Houston may add a new feature to 5 neighborhood parks: storm drainage

Sports fields and walking trails at five Houston parks could be transformed into stormwater detention basins during heavy rains under a plan city officials hope will reduce flooding in surrounding neighborhoods.

The five recreation areas – Boone Park, Hackberry Park, Cambridge Village Park, Edgewood Park and EP Hill Park – are located in south or southwest Houston and were selected after a citywide review of flood-prone neighborhoods by the Public Works and Parks and Recreation departments , which are collaborating on the pilot project.

If the pilot is deemed successful, it could be rolled out to other parks across the city as part of Houston’s flood mitigation efforts, according to city officials who characterized it as a small but important way to protect homes as climate change intensifies hurricanes, bringing increasingly heavy rainfall, and overburdening Houston’s infrastructure and flood defenses.

A public hearing on the pilot is set for 9 am July 13 at City Hall.


Where possible, the changes would be coupled with upgrades to attract wildlife and improve park amenities, said Kelli Ondracek, a Parks Department natural resources manager.

“The ultimate goal would be to help with flooding in a big storm, but on a daily basis these parks would still function the way they always have,” Ondracek said.

Design and construction on Hackberry and Boone parks, in Alief, is expected to cost $ 8.1 million and would be paid for with disaster recovery money from the US Department of Housing and Urban Development, Public Works spokesperson Roberto Medina said. Cost estimates have not been determined for the other parks, he said.

Houston’s vast network of bayous and creeks has long played a critical role in flood management. For at least a decade, city planners have designed public land, from Brays Bayou to Keith-Wiess Park in north Houston, with an emphasis on stormwater retention.

The plan to convert five city parks into stormwater detention sites has been in the works for two years. Paresh Lad, a Public Works analyst, said designers took inspiration from Spring Branch’s James W. Lee Park, which was converted into backup detention for Brickhouse Gully, a concrete-lined channel that drains part of the White Oak Bayou watershed.

District A Councilmember Amy Peck, who represents the area, said the detention works well when the park “fills up with water.”

“My constituents are happy with it,” Peck said while reviewing the city five-park pilot during an April meeting of the council’s Transportation, Technology and Infrastructure Committee.

One, Joanne Cortez, has witnessed how the world modifications to James W. Lee Park have improved drainage in the two years since the project was completed. A 28-year-old resident of the neighborhood, Cortez ventures out in rain gear to watch the park’s new baseball field fill with stormwater, sparing nearby homes.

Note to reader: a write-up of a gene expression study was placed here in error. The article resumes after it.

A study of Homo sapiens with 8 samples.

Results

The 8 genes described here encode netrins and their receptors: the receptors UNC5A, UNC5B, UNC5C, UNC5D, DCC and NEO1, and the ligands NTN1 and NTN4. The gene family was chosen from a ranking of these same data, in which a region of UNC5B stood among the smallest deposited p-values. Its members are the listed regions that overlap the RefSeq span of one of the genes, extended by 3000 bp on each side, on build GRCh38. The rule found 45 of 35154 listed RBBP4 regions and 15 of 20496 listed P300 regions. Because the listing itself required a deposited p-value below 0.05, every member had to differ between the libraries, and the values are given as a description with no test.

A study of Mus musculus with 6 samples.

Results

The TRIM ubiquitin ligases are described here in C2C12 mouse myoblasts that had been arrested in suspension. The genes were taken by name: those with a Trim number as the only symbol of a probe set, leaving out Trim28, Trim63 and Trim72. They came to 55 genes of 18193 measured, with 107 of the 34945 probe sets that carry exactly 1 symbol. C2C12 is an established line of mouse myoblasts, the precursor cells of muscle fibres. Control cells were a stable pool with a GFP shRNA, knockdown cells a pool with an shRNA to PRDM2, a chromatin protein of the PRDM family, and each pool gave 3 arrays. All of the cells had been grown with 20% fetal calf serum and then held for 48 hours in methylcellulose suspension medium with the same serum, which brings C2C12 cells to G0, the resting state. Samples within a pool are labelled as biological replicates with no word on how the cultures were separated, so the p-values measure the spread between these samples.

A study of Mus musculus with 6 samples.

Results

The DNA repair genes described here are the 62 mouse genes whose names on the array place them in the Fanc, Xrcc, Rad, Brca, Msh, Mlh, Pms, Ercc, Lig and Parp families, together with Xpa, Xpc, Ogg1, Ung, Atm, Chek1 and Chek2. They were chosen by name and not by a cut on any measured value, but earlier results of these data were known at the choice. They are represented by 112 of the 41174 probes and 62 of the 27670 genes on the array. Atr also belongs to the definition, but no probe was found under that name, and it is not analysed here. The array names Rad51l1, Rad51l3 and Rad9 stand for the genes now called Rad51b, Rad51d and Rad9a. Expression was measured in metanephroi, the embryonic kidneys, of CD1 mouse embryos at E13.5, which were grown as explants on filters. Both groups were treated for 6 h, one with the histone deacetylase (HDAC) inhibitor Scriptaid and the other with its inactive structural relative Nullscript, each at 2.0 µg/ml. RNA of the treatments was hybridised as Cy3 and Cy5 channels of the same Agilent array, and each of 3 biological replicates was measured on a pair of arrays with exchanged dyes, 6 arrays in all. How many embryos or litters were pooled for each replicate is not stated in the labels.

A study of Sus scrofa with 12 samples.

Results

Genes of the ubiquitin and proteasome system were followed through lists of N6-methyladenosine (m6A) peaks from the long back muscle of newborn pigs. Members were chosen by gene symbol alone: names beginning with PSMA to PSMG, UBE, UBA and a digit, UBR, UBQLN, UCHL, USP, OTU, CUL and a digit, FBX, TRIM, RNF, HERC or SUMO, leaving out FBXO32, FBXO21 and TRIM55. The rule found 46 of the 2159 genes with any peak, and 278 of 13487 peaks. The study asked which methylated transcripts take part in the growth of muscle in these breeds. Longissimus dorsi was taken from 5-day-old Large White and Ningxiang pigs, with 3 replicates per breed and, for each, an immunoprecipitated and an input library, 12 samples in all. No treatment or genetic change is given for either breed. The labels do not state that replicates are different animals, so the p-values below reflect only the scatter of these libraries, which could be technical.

While Cortez and other neighbors were initially concerned the park “would always be a pool of water,” their fears proved unfounded. The field dries up quickly when the water drains, she said.

Charlotte Lusk, assistant director of the Parks Department’s green space management division, stressed that park users’ needs have been taken into consideration as the plans move towards construction. Parks officials have gone “back and forth with Public Works” to ensure that features, such as sports fields, fishing ponds and walking paths, remain viable after storms, she said.

However, city officials say, one potential problem could complicate post-storm clean-up efforts: trash.

While the city has not indicated whether additional funding would be made available to speed up post-storm trash collection, a planning document for council members said such considerations “will need to be accounted for in maintenance plans” due to the high amount of debris likely to collect in storm waters.

Lusk said parks officials would clean trash and debris from affected parks “as soon as possible” after storms.

Vice Mayor Pro Tem Martha Castex-Tatum, who grew up near Cambridge Village Park and now represents the area, said retrofitting parks for detention may save residents undue hassle in the run-up to large storms.

The neighborhood around Cambridge Village Park has long experienced street flooding, Castex-Tatum said, a hardship she said has forced residents to park their cars elsewhere and walk through flooded streets to get home in heavy rains.

The park drainage project, she said, “will greatly improve the quality of life.”